Rescue crews used excavators to search for survivors trapped in toppled apartment blocks after a powerful pre-dawn earthquake in Albania killed at least nine people and wounded more than 300
Rescue crews used excavators to search for survivors trapped in toppled apartment buildings Tuesday after a powerful pre-dawn earthquake in Albania killed at least nine people and injured more than 300.
The 6.4 magnitude quake was felt across the southern Balkans and was followed by multiple aftershocks. In nearby Bosnia, another temblor with a preliminary magnitude of 5.4 struck southeast of the capital and rattled Sarajevo. There were no immediate reports of casualties or damage in that earthquake.
The quake collapsed at least three apartment buildings while people slept, and rescue crews were working to free people believed trapped. There was no indication as to how many people might still be buried in the rubble.
“It is a dramatic moment where we should preserve calm, stay alongside each other to cope with this shock,” Prime Minister Edi Rama said, adding that neighboring countries, the European Union and the United States had offered help. By late morning, Greece, Italy, Kosovo, Turkey, Montenegro, Romania and Serbia were sending rescue crews to Albania.
Greece was sending about 40 rescuers, with one 26-member search and rescue team with two sniffer dogs and specialized equipment flying from Athens to Tirana on board a military aircraft, while the second team was heading to the quake zone by road from northern Greece. Italy was sending specialized urban search and rescue teams from three Italian regions while Serbia, Romania, Turkey and Montenegro were also sending search-and-rescue teams.
The U.S. Geological Survey said the magnitude-6.4 quake, which struck just before 4 a.m. local time, had an epicenter 30 kilometers (19 miles) northwest of the capital, Tirana, at a depth of 20 kilometers (12 miles). Scores of aftershocks included three with preliminary magnitudes of between 5.1 and 5.4.
Local television stations showed footage of a young boy being pulled from a collapsed building after an excavator moved a broken slab of concrete and local men pulled mangled reinforcement bars out of the way.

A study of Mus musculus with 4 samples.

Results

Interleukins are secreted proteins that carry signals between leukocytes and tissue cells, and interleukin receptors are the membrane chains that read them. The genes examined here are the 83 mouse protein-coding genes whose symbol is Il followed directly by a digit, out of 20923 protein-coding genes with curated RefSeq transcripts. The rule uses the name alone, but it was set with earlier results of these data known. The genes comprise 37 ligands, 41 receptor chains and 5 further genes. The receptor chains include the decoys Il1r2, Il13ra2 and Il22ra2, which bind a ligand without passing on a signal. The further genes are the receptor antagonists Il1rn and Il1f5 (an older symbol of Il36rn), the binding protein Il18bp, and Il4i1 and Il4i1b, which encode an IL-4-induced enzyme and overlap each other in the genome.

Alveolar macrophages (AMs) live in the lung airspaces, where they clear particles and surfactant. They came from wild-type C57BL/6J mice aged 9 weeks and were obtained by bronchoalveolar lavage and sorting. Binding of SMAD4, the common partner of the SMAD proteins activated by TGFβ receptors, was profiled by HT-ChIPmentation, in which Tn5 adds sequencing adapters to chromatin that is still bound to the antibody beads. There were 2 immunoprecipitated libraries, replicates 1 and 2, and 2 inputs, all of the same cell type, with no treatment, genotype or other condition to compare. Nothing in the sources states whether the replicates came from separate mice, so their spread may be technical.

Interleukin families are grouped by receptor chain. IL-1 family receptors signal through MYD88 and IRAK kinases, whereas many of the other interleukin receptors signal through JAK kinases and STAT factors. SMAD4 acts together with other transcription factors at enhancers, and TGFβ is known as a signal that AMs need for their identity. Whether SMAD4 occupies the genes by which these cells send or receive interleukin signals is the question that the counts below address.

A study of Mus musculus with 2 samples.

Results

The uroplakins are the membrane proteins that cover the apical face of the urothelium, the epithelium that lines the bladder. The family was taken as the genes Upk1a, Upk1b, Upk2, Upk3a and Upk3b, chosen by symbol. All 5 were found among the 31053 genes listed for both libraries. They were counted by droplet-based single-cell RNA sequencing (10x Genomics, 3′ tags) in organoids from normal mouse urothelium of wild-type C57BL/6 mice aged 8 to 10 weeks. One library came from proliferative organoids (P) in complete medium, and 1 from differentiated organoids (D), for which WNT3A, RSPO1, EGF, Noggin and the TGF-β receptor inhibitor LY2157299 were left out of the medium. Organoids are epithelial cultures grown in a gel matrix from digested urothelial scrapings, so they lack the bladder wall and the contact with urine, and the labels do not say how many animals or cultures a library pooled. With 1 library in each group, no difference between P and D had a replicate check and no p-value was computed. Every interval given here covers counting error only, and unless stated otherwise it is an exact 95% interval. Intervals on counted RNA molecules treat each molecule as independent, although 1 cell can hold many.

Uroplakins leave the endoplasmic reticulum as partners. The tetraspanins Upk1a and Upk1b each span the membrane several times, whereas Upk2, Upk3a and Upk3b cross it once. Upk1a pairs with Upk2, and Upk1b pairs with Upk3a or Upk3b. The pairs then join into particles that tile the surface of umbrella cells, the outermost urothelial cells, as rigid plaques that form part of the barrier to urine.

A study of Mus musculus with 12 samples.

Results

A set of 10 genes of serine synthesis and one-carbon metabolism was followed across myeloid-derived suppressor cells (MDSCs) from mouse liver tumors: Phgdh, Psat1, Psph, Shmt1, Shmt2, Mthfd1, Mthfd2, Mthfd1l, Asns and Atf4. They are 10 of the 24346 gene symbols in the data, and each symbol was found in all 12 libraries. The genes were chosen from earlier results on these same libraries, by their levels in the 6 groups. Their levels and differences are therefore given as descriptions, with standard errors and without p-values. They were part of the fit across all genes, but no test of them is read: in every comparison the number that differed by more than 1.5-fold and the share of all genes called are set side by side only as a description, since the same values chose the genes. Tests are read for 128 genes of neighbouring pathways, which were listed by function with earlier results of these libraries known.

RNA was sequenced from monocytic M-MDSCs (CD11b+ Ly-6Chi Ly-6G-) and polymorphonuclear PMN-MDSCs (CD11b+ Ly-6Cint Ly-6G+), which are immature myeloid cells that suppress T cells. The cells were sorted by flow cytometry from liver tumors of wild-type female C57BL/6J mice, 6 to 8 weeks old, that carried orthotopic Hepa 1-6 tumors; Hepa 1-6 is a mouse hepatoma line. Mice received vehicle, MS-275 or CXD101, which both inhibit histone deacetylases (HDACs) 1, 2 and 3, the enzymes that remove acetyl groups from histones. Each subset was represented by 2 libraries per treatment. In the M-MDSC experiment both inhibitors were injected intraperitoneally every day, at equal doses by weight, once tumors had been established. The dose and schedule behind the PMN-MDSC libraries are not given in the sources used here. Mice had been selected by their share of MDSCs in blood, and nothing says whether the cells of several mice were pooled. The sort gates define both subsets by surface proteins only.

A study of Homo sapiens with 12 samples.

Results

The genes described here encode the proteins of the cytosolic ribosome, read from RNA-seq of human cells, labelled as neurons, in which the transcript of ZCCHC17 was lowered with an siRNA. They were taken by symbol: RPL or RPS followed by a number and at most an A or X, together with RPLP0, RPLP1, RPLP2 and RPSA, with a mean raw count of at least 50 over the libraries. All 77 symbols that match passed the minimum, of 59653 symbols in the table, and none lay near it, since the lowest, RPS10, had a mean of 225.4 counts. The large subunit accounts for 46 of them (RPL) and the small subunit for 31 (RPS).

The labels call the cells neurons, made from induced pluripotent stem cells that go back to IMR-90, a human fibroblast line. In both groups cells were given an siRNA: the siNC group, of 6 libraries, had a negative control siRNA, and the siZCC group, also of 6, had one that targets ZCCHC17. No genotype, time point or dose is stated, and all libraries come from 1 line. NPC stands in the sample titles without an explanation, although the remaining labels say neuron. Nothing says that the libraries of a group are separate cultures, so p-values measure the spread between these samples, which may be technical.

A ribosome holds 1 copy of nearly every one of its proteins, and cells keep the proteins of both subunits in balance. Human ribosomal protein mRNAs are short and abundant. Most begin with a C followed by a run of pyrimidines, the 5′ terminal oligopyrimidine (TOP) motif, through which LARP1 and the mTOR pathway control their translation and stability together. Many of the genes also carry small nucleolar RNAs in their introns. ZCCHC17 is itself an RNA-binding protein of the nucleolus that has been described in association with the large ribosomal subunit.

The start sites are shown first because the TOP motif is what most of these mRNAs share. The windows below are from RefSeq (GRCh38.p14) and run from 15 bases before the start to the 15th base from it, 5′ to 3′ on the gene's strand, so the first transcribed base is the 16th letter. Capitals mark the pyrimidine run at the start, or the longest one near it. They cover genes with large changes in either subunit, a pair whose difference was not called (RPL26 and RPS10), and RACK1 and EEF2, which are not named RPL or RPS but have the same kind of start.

“We are expecting multiple aftershocks following the main earthquake. That will pose a danger to human life. People in the affected areas should be aware of this danger,” said Akis Tselentis, director of the Geodynamic Institute of Greece, speaking in Athens.
The bodies of three people were removed from a collapsed apartment building in the coastal city of Durres, 33 kilometers (20 miles) west of the capital Tirana, while a fourth was found dead in a hotel that collapsed, the Defense Ministry said. Another three people were found dead in a collapsed apartment building in the northern town of Thumane. One person died after jumping from his home to escape shaking from the quake in Kurbin, 50 kilometers (30 miles) north of the capital, while another person died in the northern town of Lezha.
All government agencies were on alert and “intensively working to save lives at the fatal spots in Durres and Thumane,” Rama said. Authorities were setting up tents in Durres and in Fushe Kruje near Thumane in the north to house survivors left homeless by the quake.
The quake was felt along the Albanian coast as well as neighboring Kosovo, Montenegro, Greece, and parts of southern Serbia.
Authorities reported scores of aftershocks — as strong as magnitude 5.5 — and called on people in the most affected areas to stay out of their homes and avoid driving in the affected areas to allow emergency vehicles free access. Many reported seeing cracks in their apartment walls.
At least three apartment buildings and the power distribution station were damaged in Thumane.
An earthquake in September in roughly the same area damaged hundreds of homes.
Llazar Semini reported from Tirana. Elena Becatoros and Derek Gatopoulos in Athens, Greece, contributed to this report.